Press release: Judges praise ‘inspiring’ day of ideas reimagining M&S Oxford Street buildings

Finalists in SAVE/AJ re:store competition work up ideas at intense Bake Off-style workshop

24th May 2024

Six teams took part in an exciting and thought-provoking day-long workshop marking the culmination of Re:store, the ideas competition run by SAVE and the Architects’ Journal for the M&S Oxford Street site.

The judges and organisers praised the quality of the work produced under intense pressure at yesterday’s live “charrette” hosted by the school of architecture at Ravensbourne University on London’s Greenwich Peninsula.

Henrietta Billings, director of SAVE Britain's Heritage, said: “We’ve been overwhelmed by the thought and skill that all the entrants put into their submissions. The charrette achieved exactly what we were aiming for – to capture the creativity and imagination of architects. Doing it in a university setting with the help of Ravensbourne’s students was a massive bonus.

“We hoped to challenge old-fashioned thinking about demolishing and rebuilding historic buildings, both for sustainability reasons – releasing the potential of the resources we already hold in our hands – but also recognising the townscape importance and emotional attachment these buildings have. When you erase chunks of history you can never get them back.”

AJ managing editor Will Hurst said the day had been a hopeful one, arguing that the six “generous” proposals demonstrated a huge appetite in the industry for retaining and reusing buildings such as M&S Oxford Street.

The six winning teams – Connolly Wellingham, Saqqra, Jestico + Whiles, Marks Barfield, Avanti Architects and Add Apt – spent the morning designing as the clock ticked towards presentation time. A little like Bake Off, the teams had four intense hours to work up their ideas through sketching, model-making and discussion before being grilled by the judges. There was a real buzz in the room as the deadline loomed and journalists arrived to interview the teams.

Another highlight was the debate at the end of the day which everyone was invited to join. As architect and judge Sanaa Shaikh of Native Studio said: “The discussion that came from the ideas was really important. The whole day has shown there’s a plethora of options and potential lives for M&S’s buildings. They have this asset in such a prominent location and they could do something amazing with it.”

Basil Demeroutis, co-sponsor and managing partner of specialist retrofit developer the FORE Partnership, told the teams: “This conversation is so rich. I’m so impressed with the way you have articulated the brief. A lot of these schemes are probably more viable than the smash-and-grab planning application. We’re moving away from that mentality and I would encourage you to have this conversation with your clients. Developers are ready for this. We’re entering a golden age of architecture so please don’t let it go to waste.”

Finalist Zubaydah Jibrilu, from Marks Barfield Architects, said: “It’s been a great day, full of energy.” Her colleague Darcy Arnold-Jones added: “We’ve loved the breadth and depth of ideas – and the exchange of ideas. Each studio has approached the brief differently and to have an open discussion and learn from each other has been refreshing.”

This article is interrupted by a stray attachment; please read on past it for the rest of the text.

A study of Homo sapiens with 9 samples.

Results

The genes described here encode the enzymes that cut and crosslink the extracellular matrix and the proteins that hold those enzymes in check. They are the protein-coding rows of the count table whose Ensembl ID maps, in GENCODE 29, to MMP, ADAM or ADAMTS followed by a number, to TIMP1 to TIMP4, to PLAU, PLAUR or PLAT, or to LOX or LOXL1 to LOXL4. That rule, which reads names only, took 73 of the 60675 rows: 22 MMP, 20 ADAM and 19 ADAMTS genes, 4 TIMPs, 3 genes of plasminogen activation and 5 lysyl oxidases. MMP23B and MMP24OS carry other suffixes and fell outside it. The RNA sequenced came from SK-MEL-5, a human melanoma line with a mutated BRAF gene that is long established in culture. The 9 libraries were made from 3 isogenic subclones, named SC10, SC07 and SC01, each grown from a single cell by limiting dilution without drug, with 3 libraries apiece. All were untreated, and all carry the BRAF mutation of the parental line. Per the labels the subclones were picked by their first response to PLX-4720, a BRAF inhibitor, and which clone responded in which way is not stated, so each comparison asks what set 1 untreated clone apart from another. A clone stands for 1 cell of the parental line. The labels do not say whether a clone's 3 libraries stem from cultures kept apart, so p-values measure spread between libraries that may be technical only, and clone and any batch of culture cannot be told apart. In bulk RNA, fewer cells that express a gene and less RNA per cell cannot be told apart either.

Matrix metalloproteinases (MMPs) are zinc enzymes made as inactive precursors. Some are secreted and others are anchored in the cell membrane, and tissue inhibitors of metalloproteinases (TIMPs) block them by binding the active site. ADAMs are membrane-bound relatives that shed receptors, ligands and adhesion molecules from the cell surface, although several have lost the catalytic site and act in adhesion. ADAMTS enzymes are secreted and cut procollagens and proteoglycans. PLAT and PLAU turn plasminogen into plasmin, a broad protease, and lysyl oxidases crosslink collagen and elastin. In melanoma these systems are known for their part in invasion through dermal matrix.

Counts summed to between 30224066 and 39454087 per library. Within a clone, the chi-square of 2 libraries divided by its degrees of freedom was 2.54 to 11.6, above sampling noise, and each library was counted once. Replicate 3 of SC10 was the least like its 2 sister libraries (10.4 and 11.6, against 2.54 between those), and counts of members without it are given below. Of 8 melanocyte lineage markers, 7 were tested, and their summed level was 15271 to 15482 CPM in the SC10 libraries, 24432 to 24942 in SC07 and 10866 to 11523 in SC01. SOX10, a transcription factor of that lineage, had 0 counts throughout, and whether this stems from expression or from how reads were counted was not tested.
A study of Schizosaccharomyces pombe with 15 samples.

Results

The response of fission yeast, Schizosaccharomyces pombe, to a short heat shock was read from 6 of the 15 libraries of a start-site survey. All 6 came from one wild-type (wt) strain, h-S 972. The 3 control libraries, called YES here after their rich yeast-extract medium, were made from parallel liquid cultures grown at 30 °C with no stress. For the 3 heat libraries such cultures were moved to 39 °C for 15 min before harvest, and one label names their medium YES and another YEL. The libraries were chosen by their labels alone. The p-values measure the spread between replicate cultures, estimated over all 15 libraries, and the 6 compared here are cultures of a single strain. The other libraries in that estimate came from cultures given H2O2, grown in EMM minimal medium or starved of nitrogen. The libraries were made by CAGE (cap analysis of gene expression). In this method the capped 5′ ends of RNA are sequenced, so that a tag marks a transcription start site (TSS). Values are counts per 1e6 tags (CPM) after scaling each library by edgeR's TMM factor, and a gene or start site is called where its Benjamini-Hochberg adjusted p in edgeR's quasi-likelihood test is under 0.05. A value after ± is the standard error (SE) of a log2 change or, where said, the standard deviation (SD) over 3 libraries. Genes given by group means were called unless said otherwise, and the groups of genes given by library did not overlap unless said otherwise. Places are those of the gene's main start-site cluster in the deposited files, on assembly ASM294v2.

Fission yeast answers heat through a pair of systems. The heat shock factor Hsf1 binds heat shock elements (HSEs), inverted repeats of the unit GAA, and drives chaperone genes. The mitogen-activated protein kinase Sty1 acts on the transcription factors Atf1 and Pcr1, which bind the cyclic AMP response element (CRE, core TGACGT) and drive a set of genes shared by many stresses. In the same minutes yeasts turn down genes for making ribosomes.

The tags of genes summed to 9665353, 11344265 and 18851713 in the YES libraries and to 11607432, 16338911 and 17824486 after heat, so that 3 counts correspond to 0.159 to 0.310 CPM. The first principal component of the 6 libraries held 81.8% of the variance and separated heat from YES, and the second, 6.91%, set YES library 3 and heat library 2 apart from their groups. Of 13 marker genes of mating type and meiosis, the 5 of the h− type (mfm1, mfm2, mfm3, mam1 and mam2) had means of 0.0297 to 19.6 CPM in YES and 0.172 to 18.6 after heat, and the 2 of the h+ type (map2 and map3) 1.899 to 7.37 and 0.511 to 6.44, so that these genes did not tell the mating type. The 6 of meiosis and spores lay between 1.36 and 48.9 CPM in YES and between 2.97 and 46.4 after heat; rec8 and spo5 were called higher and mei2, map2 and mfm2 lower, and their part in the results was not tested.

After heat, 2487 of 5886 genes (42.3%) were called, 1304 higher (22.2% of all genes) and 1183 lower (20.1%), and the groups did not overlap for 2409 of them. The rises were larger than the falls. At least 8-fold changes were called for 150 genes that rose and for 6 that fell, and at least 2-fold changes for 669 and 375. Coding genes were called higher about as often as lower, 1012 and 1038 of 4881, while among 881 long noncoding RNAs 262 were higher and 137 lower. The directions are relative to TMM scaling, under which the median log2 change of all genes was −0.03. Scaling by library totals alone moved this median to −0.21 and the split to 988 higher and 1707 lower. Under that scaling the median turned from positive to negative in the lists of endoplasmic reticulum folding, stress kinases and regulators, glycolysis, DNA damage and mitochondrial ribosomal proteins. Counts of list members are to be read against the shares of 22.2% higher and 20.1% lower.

The aim of the day was not to pick a winner but to gather the best ideas. All the finalists’ work will feature in a special issue of the Architects’ Journal in July. The competition has also featured on SAVE and the AJ’s social media channels as well as in Time Out.


M&S wants to demolish its Marble Arch buildings and replace them with a monolithic 10-storey office block. It still does not have planning permission six years, a legal challenge and a public inquiry – won by SAVE – later. The High Court has referred the case back to the Secretary of State for redetermination.

The free-to enter Re:store competition was launched by the Architects’ Journal and SAVE Britain’s Heritage this year to explore whether a new lease of life could be found for the buildings. It is independent of M&S, although we hope the ideas will inspire M&S to reconsider their wasteful demolition plans.

Re:store was open to UK-based architects and architecture students. It asked entrants to meet five key objectives including prioritising whole-life carbon design principles, preserving heritage and recognising the challenges facing the world-famous Oxford Street, and potentially other high streets elsewhere in the country.

We were thrilled by the response from leading architectural practices, individual architects and students. The quality of entries was superb, with teams offering detailed technical approaches to the task of reusing the buildings. Many found ways of introducing natural light, social space and “wow” moments into the heart of the building as well as improving the pedestrian experience through and around the buildings.

Ideas for new uses include: an urban farm-to-fork cookery centre; a retrofit academy where pre-loved items can be upcycled and the public learn repair skills; pop-up arcades; experiential concept stores; housing; a rooftop restaurant; and a basement spa.

A longlist of 13 teams was chosen to face the judges who then picked six finalists to take part in the charrette workshop hosted by the school of architecture at Ravensbourne University in North Greenwich, ending with celebratory drinks on the roof.

Our thanks to Ravensbourne’s staff and students; to our sponsors Basil Demeroutis of the FORE Partnership and Eric Reynolds of Urban Space Management; and to the judges, architects Sanaa Shaikh of Native Studio and Simon Henley of Henley Halebrown; London School of Architecture chief executive Neal Shasore; and the AJ’s sustainability editor Hattie Hartman.